North Korea was Tuesday preparing a massive ceremonial farewell to late leader Kim Jong-Il as it strove to strengthen a new personality cult around his youthful son and successor Jong-Un.
The secretive state has so far given no details of Wednesday’s funeral for its “Dear Leader” of the past 17 years and has not invited foreign delegations to the ceremony.
But analysts say the regime, as it did in 1994 when Kim Jong-Il’s own father died, will use the event to shore up loyalty to the new leader and will likely mobilise hundreds of thousands of people.
The untested Jong-Un, aged only in his late 20s, has been thrust into the world spotlight since his father died suddenly on December 17 aged 69.
Official media has added several titles to his flimsy CV, declaring him “great successor”, supreme commander of the world’s fourth-largest military and head of the ruling party’s powerful Central Committee.
The son, who has not yet been formally appointed to the party and military posts, has been the central figure in scenes of mourning at the Kumsusan Memorial Palace, where his father lies in state in a glass coffin.
While Kim Jong-Il had 20 years to prepare for the communist world’s only dynastic succession, Jong-Un has had barely three.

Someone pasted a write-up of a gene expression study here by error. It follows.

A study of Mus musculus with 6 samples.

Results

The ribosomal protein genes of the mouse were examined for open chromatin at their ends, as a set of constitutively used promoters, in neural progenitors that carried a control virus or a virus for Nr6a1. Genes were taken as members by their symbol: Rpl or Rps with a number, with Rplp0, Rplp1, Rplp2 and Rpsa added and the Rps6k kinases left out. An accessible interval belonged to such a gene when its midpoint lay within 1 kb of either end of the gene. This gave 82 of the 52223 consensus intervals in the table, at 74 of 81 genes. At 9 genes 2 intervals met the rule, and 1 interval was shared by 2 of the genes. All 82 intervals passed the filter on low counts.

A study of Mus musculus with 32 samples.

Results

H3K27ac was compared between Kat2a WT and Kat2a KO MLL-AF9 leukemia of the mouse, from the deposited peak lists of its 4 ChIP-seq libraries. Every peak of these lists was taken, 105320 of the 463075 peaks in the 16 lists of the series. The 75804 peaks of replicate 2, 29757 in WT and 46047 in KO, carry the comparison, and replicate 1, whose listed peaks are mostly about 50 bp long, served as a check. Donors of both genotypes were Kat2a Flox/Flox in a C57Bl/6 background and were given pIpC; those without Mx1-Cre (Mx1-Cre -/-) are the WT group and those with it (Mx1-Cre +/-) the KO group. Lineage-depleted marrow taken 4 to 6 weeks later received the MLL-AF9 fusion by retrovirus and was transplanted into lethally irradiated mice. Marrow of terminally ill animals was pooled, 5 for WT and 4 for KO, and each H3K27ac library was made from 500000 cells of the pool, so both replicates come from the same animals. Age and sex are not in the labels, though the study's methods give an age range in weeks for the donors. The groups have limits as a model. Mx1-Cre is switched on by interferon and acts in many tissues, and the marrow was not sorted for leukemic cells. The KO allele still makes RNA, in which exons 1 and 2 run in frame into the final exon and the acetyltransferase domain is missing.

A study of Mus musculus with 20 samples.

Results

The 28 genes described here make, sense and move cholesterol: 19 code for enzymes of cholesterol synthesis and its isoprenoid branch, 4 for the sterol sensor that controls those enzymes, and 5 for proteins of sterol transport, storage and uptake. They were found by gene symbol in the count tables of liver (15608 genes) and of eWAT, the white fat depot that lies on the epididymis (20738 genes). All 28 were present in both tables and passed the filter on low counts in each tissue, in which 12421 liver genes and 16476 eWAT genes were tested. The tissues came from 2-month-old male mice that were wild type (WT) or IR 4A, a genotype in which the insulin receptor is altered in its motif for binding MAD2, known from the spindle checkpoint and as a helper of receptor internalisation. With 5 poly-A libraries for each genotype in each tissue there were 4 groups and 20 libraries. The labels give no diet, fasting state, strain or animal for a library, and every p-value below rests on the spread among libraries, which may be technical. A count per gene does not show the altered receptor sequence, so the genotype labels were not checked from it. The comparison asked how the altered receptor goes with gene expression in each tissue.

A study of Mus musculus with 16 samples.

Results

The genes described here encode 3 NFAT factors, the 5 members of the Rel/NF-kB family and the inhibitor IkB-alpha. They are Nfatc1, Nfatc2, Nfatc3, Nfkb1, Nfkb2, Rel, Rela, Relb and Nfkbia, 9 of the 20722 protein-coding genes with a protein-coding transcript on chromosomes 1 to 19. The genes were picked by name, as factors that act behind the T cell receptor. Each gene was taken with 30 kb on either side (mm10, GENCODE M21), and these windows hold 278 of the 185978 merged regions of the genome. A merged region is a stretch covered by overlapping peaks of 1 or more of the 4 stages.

The South’s Yonhap news agency quoted head of Seoul’s National Intelligence Service, Won Sei-hoon, as telling lawmakers that the North appears likely to continue the policies of its late leader.
Analysts will closely watch the funeral for clues about who will most influence him.
They said the military was expected to fire a 24-gun salute and troops would march through central Pyongyang, accompanying a limousine carrying Kim’s coffin and another car with a giant photo.
Military marching bands would play funeral music while convoys of motorcycles and cars carrying flowers and senior officials would follow the coffin as hundreds of thousands looked on, the media forecast.
Trains, ships and other vehicles or machinery will sound their horns.
Mourning will officially end Thursday with a nationwide memorial service including a three-minute silence at noon.